Not everybody is familiar with a recreational vehicle. Instead, some people are just RV curious. So, many terms tossed about in brochures and websites may be unfamiliar to them. That is okay. Everybody starts learning somewhere. For example, the terms black water tanks and gray water tanks are often used in connection with RVs. Below is a brief outline to help demystify what each of the tanks is and what purpose they serve.
Black and gray water tanks are for water, right?
Yes, black and gray water tanks are for holding water, sort of. However, neither of them holds pure water. Each tank serves a different purpose. They are named differently to more closely associate with the type of water they collect.
Put simply, the gray water tank will collect all the run-off from the shower and sink. So, watery, soapy, mildewy stuff is collected with the gray tank. Hence the name, gray water, not clear or pure water.
The black water tank is the one container that repulses people most often. That is the tank that collects anything from the toilet. Human waste and fluid is collected here, along with toilet paper. Nothing else should be going in here. So, used diapers, Q-tips, or other such things need to be disposed of somewhere else.
Care for the RV black and gray water tanks
Our friends at RV Share recently touched on the subject of the black water tank and offered,
“… commercial chemicals and deodorizers makes it pretty simple to maintain your black tank on a regular basis. At the start of your camping trip, you should add a dose of RV black water tank treatment, which may come in liquid form (like Aqua-Kem) or in Tide-Pod-like packets (such as these, made by Firebelly Outfitters). Be sure to add in about a gallon of water, as well, which helps the chemicals do their job. Along with keeping tank odors down, these chemicals also have the ability to break down solid waste and toilet paper. That makes for a much smoother process when it comes time to dump your tanks”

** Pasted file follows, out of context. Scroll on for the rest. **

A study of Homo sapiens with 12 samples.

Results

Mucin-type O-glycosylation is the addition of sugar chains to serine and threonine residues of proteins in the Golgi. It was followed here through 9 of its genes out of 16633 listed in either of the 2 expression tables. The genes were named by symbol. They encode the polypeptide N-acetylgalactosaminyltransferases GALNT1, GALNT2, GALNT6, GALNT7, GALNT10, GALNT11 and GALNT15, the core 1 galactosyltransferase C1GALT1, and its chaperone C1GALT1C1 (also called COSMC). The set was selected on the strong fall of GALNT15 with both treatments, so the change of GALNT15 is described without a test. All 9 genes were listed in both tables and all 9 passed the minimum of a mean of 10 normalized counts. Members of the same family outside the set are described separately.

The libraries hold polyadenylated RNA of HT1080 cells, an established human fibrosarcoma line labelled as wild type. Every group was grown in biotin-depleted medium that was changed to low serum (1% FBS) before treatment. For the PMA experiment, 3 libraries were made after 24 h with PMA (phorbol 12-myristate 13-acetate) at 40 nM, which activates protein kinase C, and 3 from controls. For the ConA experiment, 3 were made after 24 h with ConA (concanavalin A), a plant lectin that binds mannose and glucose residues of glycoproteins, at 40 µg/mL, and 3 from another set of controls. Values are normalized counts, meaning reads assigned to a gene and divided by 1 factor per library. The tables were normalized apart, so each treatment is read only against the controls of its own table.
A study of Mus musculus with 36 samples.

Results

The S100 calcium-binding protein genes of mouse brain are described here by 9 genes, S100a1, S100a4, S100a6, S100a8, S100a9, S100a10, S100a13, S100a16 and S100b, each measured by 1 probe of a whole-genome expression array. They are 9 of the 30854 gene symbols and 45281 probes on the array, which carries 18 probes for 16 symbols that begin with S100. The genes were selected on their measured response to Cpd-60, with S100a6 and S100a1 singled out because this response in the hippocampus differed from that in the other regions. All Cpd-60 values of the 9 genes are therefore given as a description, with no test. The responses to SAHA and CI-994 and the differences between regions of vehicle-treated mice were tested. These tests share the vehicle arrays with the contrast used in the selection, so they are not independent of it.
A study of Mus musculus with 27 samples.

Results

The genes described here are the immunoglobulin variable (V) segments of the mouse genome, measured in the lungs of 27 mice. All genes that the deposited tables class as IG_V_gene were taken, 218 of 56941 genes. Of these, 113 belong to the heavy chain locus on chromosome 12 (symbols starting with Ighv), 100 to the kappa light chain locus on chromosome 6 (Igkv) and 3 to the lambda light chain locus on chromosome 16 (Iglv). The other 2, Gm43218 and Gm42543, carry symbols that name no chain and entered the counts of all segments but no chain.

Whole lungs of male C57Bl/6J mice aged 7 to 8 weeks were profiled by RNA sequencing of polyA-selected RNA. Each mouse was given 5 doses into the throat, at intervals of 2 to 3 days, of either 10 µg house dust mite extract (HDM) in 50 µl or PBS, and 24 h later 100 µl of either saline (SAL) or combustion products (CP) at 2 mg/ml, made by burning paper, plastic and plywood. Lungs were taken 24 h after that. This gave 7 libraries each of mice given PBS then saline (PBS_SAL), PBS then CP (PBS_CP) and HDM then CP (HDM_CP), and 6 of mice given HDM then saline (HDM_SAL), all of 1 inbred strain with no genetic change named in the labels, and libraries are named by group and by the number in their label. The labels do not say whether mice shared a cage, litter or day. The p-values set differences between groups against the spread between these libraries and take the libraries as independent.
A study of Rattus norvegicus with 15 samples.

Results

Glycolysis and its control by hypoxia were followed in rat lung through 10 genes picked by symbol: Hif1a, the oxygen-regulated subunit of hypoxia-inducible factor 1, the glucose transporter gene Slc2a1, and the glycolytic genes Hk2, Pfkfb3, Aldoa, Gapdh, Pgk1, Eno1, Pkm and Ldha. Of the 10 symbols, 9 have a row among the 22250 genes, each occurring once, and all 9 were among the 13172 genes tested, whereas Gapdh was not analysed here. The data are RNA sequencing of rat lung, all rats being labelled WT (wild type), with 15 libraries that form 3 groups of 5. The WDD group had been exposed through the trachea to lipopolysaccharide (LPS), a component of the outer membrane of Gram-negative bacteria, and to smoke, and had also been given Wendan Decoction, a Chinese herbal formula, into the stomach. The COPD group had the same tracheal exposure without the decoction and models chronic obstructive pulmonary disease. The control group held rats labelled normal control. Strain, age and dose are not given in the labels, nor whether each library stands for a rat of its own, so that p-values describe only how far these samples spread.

Tanks need to be emptied sooner or later
Ultimately, however, one or both tanks will become full. Do not panic, though. Whenever a person purchases an RV from a reputable dealer, the sales team will train the new owner on the process tank drainage process. For now, all that is necessary to know is that a person should be wearing gloves during the transfer of fluids from the tanks.
Basically, pulling a hose and opening or closing valves are the hardest part of the drainage and process. So, the experience is not as terrible as the initial thought might be. The fluid and waste come out. Then the systems are flushed and drained. Then all the valves are closed. Also helpful is that modern campgrounds have hookups for this type of collection. So, it is not like someone is left wondering where to put it all.
Overall, the RV experience can be a great one. But, it turns out best when people are not blindsided by having to take care of things that they knew nothing of prior. So, kudos to the person that is reading this as part of research before they launch out with their first RV trip. May your trips be full of fun, and your waste transfer as uneventful as possible.